Recently I got more into making pasta again. Unfortunately my pasta machine broke, so I have to do the kneading myself.
Cacio e Pepe
Inspired by Alex French Guy Cooking I set out to make Cacio e Pepe on a Sunday night.
- 2 eggs
- 100–200g flour
- corn starch
- 50g Cheddar
- 10 corns of black pepper
Following the "recipe" of Basics with Babish I cracked two eggs into a 405 wheat flour mold whisked and kneaded away for about 10 minutes watching Youtube. Let it rest for 45min then roll, fold and roll thin. Cut them into almost-spaghetti with a large knife. I had the idea of using corn starch to prevent the finished pasta from sticking and that worked perfectly. I really like the non-stick feel of corn starch. I'm going to continue using it for making pasta.
I boiled them a little too long (heavy salted water) while I roasted pepper corns in a saute pan. This smells awesome and is definitely a keeper. Gets out the aroma nicely. Ground them in a morar, ground some cheddar (unfortunately the only block cheese I had available) and combined everything in a non-stick pan and mixed it using chopsticks with some noodle-water. The corn starch coating pays off. Inspired by the follow-up video I mixed some starch in cold water and added it together with the noodle water, because I was too lazy to boild extra noodles to enrich the noodle with starch. This worked pretty well, even though its not the pure way of doing it. The starch stuck pretty badly to the chopsticks, I have to think about this.
I really liked the simplicty of the recipe and the creamyness of the sauce despite the lack of oil/cream. But the cheese just wasn't right. The pasta continued to cook in the mixing pan and was not al-dente. Better pepper would be a nice bonus too. So next time: 00-flour, italian cheese, high quality pepper!
Aglio e Olio
Intrigued by the success of the previous day, I just made pasta again on the next day. This time Binging with Babish's Aglio e Olio.
- 2 eggs
- 100–200g flour
- 6 cloves of garlic
- 1 habanero
- 1 chili
- 2 hands full of gresh parsely
- a good amount Olive Oil
- 1 lemon
I freestyled the pasta dough again, I don't really think measring the flour makes a lot of sense here. All eggs are different, one should just practice to do it by feel of the dough. Rest for 45min, cut into thicker, linguini style noodles.
Meanwhile I cut up some 6 cloves of garlic into thin slices, chopped two hands full of fresh parsly and one of out home grown habaneros. While under cooking the pasta (salt water) I fried the garlic in a saute pan (for the stick aroma) in some good 2–3cm of olive oil. Silly enough I confused the flame control for pasta and pan and had the oil on max temperature while the water got low heat. That browned the garlic fast, but I took it off the flame just in time for it not too be ruined.
Just as with the Cacoio e Pepe I didn't use a sieve but noodle tongs to retrieve the pasta, having them coatet in starch water that mixed nicely with the oil. Added the parsly, habanero and half a lemon. Ground pepper and salt. After tasting I thought it needed more lemon and chili, so I added the second half and some dried chili.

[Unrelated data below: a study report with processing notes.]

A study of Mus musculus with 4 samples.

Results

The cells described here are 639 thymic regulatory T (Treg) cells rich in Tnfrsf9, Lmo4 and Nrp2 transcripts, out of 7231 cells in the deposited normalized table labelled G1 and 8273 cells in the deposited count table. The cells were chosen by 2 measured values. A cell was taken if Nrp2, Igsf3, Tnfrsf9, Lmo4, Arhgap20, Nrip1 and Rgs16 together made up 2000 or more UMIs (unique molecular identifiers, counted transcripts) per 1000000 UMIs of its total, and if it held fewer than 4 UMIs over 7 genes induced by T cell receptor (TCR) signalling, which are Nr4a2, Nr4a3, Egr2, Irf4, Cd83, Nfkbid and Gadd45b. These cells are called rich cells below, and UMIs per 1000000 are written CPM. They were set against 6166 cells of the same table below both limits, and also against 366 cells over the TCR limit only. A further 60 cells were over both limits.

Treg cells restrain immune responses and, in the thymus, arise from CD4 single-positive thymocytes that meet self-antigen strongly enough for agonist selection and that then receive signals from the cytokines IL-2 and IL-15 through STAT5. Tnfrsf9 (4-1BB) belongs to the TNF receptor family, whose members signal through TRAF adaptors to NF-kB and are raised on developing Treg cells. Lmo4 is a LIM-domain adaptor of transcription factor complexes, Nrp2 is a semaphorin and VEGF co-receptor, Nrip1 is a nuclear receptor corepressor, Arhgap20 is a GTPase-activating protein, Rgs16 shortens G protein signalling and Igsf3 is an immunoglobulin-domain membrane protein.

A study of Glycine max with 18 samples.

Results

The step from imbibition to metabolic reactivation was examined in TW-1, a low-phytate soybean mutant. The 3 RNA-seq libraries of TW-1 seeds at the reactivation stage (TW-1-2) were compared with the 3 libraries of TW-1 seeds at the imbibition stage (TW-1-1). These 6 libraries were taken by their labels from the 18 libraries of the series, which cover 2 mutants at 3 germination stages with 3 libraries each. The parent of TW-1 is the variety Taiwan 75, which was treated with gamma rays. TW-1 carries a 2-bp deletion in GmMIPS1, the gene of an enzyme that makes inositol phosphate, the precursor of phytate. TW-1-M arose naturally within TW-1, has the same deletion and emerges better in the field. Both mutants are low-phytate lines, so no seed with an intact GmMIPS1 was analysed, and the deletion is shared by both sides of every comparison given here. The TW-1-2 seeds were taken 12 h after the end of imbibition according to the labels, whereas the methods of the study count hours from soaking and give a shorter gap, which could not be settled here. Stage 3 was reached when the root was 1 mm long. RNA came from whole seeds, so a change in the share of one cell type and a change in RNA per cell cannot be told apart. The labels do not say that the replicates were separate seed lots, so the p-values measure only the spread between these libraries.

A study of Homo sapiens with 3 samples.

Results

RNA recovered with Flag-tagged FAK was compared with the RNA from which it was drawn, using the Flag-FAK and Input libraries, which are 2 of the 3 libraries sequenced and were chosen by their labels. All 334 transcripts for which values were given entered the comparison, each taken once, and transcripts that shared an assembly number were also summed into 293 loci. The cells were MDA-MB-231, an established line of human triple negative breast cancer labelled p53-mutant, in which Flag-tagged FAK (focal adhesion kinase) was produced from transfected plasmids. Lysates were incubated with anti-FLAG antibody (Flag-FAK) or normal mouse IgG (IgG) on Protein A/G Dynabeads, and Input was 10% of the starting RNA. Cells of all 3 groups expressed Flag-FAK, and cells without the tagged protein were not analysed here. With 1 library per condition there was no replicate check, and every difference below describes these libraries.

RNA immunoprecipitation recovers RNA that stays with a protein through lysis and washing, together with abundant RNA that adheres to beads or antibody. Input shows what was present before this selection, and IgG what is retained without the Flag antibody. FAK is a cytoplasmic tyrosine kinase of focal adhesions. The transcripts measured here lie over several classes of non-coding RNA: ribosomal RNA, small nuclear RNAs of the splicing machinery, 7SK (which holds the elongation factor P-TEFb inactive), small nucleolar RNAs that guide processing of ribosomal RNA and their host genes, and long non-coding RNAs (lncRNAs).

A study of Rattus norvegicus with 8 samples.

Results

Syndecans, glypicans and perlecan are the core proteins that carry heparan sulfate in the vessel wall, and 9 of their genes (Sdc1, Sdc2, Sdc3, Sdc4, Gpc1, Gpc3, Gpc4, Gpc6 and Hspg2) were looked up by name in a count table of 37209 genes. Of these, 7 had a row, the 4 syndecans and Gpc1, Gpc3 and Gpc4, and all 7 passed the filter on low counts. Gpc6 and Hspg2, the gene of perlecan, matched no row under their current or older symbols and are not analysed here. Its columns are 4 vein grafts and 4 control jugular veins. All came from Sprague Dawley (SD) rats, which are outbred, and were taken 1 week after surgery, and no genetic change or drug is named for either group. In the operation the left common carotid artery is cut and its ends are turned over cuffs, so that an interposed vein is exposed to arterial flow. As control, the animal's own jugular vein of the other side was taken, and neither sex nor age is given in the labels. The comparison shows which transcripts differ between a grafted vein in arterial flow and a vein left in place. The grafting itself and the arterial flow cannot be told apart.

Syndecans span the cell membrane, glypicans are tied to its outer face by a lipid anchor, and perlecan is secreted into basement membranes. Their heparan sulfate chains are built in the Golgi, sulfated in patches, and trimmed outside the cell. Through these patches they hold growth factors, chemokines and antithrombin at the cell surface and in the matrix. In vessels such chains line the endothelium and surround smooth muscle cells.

I was really surprised by the dish. Babish did not lie, this was fucking good. I just overdid it with the lemon. Also I have the feeling that not eating it immediatley but letting it rest for 5 minutes brings out the aroma better and makes the sauce creamier.
Next time: slow-frie the garlic, less lemon, 00 flour. Maybe try and toast the pepper again. Damn I can't wait. The fried garlic ist just so damn good.
Inspired by the bruschetta from the October dinner menu I wanted to try my luck with tortellini for this weeks Pasta sunday. Pasta dough as usual but I used fluor for non-stick, not corn starch, which was a mistake. To floury on the outside!
- 3 eggs
- 200–300g flour
- 1 jar green olives
- 2 large mushrooms
- 2 cloves garlic
- 1 slice of cheese
- 3 table spoons butter
- 2 table spoons flour
- 100–200ml milk
In a mixer I blended a full glass of green olives without kernels, 2 cloves of garlic, one slice of cheese, two large mushrooms salt, pepper, thyme and rosemary.
I tried to roll the dough as thinly as possible but its just really hard to get it even and see-through-thin with a rolling pin. Maybe try a french rolling pin some time. But the pieces got not very even in size or thickness. I was aming for some six by six centimeter pieces.
Placing roughly a teaspoon of stuffing on each square and folding like in this (suboptimal) video. Maybe wet the edges next time for better stick.
For the sauce I quickly prepared some blonde roux by melting butter in a pot and adding flour while whisking, gradually adding milk until the texture is thick and creamy.
In the end I was not so happy with the tortellini. They were the hell of an efford to make and did not taste too nice. Especially if compared with the other two home made pasta dishes. The stuffing was nice and works well as a spread, but nothing special. You could not taste the mushrooms at all. Maybe saute them first or just have them in the sauce. I don't think I will do this again until I have a working pasta machine, that should fix the uneven cook.